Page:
MediaMonday for July 2, 2012: Library Funding Wars, source media The Advocate, Baton Rouge: Budget Omits Library Funding, June 13, 2012.
There will be no Wednesday #litchat as those of us in the USA celebrate Independence Day. We resume on Friday with guest host Daniel Kalla, author of several novels, including the recently published The Far Side of the Sky.
A historical novel set just prior to World War II, The Far Side of the Sky takes readers into Shanghai, the last city to freely accept Jewish refugees from Hitler’s Europe. After the harrowing Nazi rampage through Vienna known as Kristallnacht, Franz Adler, a widower with a young, inquisitive daughter, manages to get passage and permission to leave Vienna. The widow of his recently slain brother and an undesirable artist accompany them on the journey to Shanghai. Once in Shanghai, Franz, a well-regarded surgeon, finds work in a local hospital and soon he is up to his scalpel treating other Jewish refugees. Franz finds support among a thriving Jewish community, most of them refugees, and his sister-in-law finds her own destiny. Once considered the Paris of Asia, Franz finds a Shanghai infected with Nazi spies, while the Japanese army chokes whole sections of the city. In Soon Yi (Sunny), a beguiling and determined Eurasian nurse, Franz finds a partner with the courage to confront the hunger, hopelessness and disease fermenting throughout Shanghai. Romance, drama and a glimpse into a little-known theater of Holocaust history meet with satisfying results in The Far Side of the Sky.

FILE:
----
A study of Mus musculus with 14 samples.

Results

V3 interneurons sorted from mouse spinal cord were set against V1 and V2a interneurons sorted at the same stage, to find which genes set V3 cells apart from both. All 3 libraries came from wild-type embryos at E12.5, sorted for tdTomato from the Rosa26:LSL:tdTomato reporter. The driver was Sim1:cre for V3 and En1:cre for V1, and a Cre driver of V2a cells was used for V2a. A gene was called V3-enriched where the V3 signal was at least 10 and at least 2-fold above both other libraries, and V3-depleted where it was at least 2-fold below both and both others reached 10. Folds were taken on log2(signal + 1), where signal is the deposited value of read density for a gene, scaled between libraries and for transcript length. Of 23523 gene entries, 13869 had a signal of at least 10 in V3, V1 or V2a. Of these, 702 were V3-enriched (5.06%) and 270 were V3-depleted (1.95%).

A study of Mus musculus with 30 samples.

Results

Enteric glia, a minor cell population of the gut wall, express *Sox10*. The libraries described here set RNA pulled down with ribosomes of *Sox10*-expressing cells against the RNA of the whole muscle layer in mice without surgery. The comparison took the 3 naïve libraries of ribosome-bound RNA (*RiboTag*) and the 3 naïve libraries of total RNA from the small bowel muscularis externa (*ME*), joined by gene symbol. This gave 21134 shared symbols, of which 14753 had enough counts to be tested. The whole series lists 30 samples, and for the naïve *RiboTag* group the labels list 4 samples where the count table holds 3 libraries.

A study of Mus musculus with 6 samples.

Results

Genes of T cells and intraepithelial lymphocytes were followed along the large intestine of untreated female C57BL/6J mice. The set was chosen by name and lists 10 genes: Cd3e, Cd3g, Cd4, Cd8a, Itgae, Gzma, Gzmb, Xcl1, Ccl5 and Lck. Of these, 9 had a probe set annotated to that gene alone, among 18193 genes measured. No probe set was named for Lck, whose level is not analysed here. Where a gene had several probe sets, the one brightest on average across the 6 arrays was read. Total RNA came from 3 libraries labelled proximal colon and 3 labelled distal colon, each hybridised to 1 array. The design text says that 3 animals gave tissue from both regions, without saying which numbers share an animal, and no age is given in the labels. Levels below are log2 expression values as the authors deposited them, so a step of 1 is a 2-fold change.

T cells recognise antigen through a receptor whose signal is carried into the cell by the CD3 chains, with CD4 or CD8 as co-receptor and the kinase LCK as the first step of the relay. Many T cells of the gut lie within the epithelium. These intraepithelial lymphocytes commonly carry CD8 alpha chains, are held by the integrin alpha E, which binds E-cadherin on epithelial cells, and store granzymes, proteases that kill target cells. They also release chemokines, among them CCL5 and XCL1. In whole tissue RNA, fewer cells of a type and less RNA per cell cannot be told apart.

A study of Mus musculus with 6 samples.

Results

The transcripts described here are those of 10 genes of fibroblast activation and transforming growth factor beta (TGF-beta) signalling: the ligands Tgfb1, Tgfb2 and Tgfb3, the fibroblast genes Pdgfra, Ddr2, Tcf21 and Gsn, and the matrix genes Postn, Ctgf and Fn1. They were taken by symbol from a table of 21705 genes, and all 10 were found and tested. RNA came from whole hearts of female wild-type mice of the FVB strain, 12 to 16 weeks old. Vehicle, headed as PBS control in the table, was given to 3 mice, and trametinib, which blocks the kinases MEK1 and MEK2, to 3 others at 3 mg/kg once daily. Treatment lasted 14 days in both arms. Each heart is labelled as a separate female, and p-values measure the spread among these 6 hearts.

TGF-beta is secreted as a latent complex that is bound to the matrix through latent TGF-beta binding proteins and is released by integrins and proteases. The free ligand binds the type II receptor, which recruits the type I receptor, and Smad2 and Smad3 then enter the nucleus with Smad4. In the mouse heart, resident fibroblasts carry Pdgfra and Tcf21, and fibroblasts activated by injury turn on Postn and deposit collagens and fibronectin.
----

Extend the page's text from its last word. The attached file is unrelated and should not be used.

Born, raised, and still residing in Vancouver, Daniel Kalla spends his days (and sometimes nights) working as an emergency room physician in an major teaching hospital. In his off time, he writes and manages a dual career. He is the author seven books, including the recently published The Far Side of the Sky. Daniel’s books have been translated into 11 languages to date, and his novels Pandemic and Resistance have been optioned for feature films. He is a three-time finalist for the Spotted Owl Award for the Pacific Northwest’s best mystery novel of the year.
Follow Daniel Kalla on Twitter: @DanielKalla.